Ipe - Make Creating Presentations Great (Again)
Since a few people started to use Ipe lets put up a page to collect templates and useful information. For everybody now asking what Ipe is, its the solution to 'all' your slide and poster creation troubles 😉 or in other words a really cute 'little' program. At its base Ipe is a vector graphics editor which supports setting text in LaTeX. Together with templates it can be used to create posters and slides very fast, while you are still able to use full LaTeX support in the text.
You can download Ipe or find it in your distributions repository (Ubuntu: ipe, Arch: ipe in the AUR). Note that most up to date versions are usually not available through the distribution repositories.
Templates for presentations and for posters exist and can be used by simply opening the <name>.ipe file. If you need to modify something in the stylesheets feel free to ask Soeren Terziadis or Martin Nöllenburg.
We usually give one Ipe Tutorial per Semester, the slides can be found here.
Another collection of ipe tricks is maintained by the AGA group at TU Eindhoven.
Ipe can be extended via so called Ipelets. These are scripts written in Lua. More information and a 'complete' list can be found in the Wiki. You install an Ipelet by copying the lua script file to one of the Ipelet directories. On your system you can find these via 'Help -> Show configuration'. Afterwards the Ipelet is available under 'Ipelets' in the menu.
Ipe comes with the ability to create multiple pages. Every page is a canvas to draw on. On a page you can have additional structure called layers and views. Layers do the expected and provide you with just multiple virtual canvases on the same page. The trick to making a presentation are the views. A page can have multiple views and for every one of them you define which layers are visible in the left hand toolbar. In the resulting pdf file every view is one slide. Coming from beamer the views are basically what you implicitly create with an \only<> command.
To make presentation creation easier here a few useful Ipelets:
The Presentation Ipelet allows you to create beamer style boxes around elements. It is not necessary to create a presentation.
The Decorator Ipelet creates simpler boxes often useful on posters.
The Pagenumbers Ipelet extends the pagenumbering capabilities of Ipe. For example it allows you to move the numbers to the top.
Working With Graphs
There are two ipelets to make working with graphs a little easier. In general it is better to draw a graph by using marks for nodes and lines or curves for edges and not draw complex shapes for nodes unless necessary.
The Graph Ipelet makes working with drawings depicting graphs a little easier. The main feature is the graph mode. If you draw a graph by placing marks and you now press Ctrl+e to edit the mark you can drag it around and upon leaving editing mode with spacebar all connected lines will move with the mark.
The Graphdrawing Ipelet makes use of Tikz to draw a selected set of marks and lines . To install it you need to follow the instructions on the github page from the download link.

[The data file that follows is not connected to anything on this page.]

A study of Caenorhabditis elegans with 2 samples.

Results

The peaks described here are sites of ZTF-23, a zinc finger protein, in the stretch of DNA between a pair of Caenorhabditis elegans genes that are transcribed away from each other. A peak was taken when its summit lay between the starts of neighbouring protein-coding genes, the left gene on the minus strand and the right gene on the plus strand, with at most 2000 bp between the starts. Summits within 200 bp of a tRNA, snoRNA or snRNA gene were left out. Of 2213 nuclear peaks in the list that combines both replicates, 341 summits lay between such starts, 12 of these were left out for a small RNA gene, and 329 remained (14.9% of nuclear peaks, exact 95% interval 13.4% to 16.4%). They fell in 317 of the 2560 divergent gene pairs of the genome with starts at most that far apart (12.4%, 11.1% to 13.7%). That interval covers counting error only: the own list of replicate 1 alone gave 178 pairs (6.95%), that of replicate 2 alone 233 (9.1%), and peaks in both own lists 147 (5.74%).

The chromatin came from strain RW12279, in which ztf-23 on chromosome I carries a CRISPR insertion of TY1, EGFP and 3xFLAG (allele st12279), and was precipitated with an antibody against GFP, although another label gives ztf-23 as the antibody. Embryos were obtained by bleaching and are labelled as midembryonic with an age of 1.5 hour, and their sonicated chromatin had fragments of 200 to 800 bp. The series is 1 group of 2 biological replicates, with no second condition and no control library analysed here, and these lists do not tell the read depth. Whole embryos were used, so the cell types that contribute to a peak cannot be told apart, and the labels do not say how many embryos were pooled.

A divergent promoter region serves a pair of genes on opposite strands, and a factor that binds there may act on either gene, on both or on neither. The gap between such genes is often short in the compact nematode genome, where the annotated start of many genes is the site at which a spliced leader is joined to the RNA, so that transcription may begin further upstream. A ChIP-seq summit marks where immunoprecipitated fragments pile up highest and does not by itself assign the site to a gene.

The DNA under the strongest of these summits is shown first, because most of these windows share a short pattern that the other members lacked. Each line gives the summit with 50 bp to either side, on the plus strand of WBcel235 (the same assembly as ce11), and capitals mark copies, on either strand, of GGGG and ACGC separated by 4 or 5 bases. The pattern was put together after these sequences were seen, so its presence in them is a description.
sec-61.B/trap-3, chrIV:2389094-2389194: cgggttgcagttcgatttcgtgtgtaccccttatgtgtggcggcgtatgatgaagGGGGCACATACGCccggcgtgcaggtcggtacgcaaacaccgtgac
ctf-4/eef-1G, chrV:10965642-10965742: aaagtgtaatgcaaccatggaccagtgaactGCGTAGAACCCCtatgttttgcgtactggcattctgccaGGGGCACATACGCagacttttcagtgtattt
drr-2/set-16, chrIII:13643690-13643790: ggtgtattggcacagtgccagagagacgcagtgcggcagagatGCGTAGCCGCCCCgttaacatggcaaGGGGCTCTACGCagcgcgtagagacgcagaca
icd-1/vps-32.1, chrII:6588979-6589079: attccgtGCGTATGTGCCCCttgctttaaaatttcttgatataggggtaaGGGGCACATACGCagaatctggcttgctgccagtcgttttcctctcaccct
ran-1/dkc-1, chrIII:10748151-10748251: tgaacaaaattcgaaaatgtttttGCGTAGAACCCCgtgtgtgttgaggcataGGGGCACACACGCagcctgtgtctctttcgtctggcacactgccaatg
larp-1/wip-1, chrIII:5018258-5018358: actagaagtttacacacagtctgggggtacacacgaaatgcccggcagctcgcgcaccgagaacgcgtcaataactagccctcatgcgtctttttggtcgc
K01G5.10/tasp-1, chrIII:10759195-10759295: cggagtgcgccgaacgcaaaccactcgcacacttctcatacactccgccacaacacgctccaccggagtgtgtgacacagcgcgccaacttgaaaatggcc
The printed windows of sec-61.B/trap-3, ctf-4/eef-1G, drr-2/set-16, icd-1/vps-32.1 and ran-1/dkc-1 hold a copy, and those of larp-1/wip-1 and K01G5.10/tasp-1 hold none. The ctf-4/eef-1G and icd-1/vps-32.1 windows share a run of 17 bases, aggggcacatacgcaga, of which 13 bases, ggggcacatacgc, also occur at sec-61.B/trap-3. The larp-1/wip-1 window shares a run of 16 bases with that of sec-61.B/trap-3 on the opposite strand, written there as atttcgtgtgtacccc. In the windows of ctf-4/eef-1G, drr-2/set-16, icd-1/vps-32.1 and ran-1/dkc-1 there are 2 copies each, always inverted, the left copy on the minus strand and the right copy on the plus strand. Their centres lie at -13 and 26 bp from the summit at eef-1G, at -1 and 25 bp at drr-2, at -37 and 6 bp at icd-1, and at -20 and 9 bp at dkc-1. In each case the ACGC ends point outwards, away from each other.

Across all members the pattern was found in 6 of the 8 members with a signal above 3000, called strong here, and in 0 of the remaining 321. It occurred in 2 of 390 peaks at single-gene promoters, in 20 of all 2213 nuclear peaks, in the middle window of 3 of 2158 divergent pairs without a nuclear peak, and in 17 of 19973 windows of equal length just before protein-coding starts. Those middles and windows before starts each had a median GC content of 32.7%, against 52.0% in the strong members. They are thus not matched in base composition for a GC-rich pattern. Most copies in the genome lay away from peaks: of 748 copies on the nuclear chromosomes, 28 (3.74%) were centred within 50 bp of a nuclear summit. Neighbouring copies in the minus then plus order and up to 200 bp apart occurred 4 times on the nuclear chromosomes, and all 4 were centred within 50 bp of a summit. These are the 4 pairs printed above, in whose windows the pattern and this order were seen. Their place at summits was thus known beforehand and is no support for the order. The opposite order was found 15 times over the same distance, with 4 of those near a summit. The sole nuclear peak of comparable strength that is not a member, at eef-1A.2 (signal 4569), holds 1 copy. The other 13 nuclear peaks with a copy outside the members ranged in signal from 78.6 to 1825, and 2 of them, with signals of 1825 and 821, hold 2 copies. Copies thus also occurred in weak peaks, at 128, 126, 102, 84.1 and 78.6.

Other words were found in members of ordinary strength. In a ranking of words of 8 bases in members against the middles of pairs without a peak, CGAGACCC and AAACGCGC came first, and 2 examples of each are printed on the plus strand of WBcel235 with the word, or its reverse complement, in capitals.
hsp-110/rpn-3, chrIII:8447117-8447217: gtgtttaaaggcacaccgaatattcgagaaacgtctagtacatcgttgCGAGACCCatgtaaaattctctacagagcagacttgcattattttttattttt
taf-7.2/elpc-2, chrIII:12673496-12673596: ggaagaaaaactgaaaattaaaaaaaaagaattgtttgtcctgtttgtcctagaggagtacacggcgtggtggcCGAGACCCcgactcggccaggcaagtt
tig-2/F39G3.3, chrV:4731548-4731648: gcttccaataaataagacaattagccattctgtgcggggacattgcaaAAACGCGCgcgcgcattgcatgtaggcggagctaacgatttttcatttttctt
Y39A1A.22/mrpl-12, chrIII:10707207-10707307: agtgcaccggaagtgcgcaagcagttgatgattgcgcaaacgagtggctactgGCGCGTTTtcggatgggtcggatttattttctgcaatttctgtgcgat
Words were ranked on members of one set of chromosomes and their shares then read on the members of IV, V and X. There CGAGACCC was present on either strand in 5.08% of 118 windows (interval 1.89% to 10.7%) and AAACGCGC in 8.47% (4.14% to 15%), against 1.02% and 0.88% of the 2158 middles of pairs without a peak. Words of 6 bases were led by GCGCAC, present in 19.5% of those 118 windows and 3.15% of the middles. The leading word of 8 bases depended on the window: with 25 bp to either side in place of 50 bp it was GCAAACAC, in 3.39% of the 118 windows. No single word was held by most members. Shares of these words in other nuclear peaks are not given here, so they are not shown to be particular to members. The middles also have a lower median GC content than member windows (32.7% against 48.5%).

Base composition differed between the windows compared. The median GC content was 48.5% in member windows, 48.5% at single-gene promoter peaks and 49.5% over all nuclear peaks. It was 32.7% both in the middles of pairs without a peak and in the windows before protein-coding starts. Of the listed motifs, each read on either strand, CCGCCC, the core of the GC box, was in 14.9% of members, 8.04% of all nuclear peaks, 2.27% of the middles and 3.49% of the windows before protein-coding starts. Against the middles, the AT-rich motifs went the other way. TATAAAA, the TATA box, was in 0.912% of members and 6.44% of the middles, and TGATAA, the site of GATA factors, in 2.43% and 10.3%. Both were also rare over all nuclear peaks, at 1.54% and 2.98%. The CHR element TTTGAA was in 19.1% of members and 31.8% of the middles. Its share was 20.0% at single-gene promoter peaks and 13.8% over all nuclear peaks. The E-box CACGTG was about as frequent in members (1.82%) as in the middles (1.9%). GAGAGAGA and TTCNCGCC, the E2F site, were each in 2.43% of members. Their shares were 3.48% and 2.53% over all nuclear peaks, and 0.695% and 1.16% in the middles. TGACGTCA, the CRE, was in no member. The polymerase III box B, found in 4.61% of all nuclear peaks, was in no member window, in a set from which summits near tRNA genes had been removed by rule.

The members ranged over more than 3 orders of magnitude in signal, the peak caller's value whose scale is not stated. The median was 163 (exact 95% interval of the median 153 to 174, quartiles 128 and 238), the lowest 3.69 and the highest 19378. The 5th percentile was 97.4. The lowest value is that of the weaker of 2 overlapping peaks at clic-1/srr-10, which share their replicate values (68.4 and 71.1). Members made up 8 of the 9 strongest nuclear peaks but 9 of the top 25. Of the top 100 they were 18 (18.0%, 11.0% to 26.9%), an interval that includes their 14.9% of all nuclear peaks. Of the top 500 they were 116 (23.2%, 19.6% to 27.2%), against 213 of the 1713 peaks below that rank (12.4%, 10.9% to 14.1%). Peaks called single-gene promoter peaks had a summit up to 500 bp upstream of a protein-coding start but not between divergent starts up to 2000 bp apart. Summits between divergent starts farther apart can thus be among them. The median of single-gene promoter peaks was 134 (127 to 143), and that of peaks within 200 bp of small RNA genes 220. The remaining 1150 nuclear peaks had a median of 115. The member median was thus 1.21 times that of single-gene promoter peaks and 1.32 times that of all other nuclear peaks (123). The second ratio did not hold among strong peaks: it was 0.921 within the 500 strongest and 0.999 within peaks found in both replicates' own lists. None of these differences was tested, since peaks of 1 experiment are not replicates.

If you need more colors a messy solution is to include the colors.isy file which provides you with the complete X11 color palette. A more elegant way is to generate a specific palette fitting the style of whatever you are working on. A good way to get nice palettes is Colorbrewer or if you need something more specific the webpage iWantHue. Colorbrewer is a collection of Color palettes with good distinct colors and it is present in a lot of plotting/statistic tools like ggplot.
Once you got the palette ready you can use this little python script Fabian wrote. It zips a list of colors and names and prints the Ipe tags to insert in your style file. It also supports Colorbrewer. You simply specify the name of the palette and the names you want to use for the colors. The script needs the 'palettable' python package.
Ipetools is a collection of scripts to convert a couple of formats to Ipe. Currently there is support to convert SVG, PDF (text does usually not work) and FIG. For Linux they might be available via your package manager (Ubuntu: ipe-tools, Arch: ipe-tools-git in the AUR).
Secret Tip Section
Since Ipe is basically a one man development project the documentation is lacking in some places. Here a few tips and really useful features which are not well or not at all documented.
Selecting shapes behaves differently depending on from where you drag. Going from top left to bottom right you will select a shape if and only if its bounding box is in the selection rectangle. Dragging from the bottom right up to top left a shape is selected if and only if its bounding box intersects the selection rectangle.
Suppose you have a figure or a picture and you want to show only some part of it. You can do this by adding a clipping path to a group object. A simple example: Draw two circles in ipe. Now put these two circles in a group (Mark the objects and Edit -> Group or press Ctrl+g). Now draw a rectangle over the group and select group and rectangle. In the context menu you now find an option to add a 'Clipping Path' which gives you a cut between the grouped object and the rectangle.
The angular snap tool is sometimes a bit fiddly. The canvas has an origin, which is usually the top left corner. If you press F1 a green star will appear where your cursor is. Now the origin is the center of this star and when 'Angular Snap' is activated the cursor will snap to the shown angles. You can rotate this star by using F2 and reset the direction with Ctrl+F2. The star is hides again upon pressing Ctrl+F1. In the menu you find these options at the bottom of 'Snap'.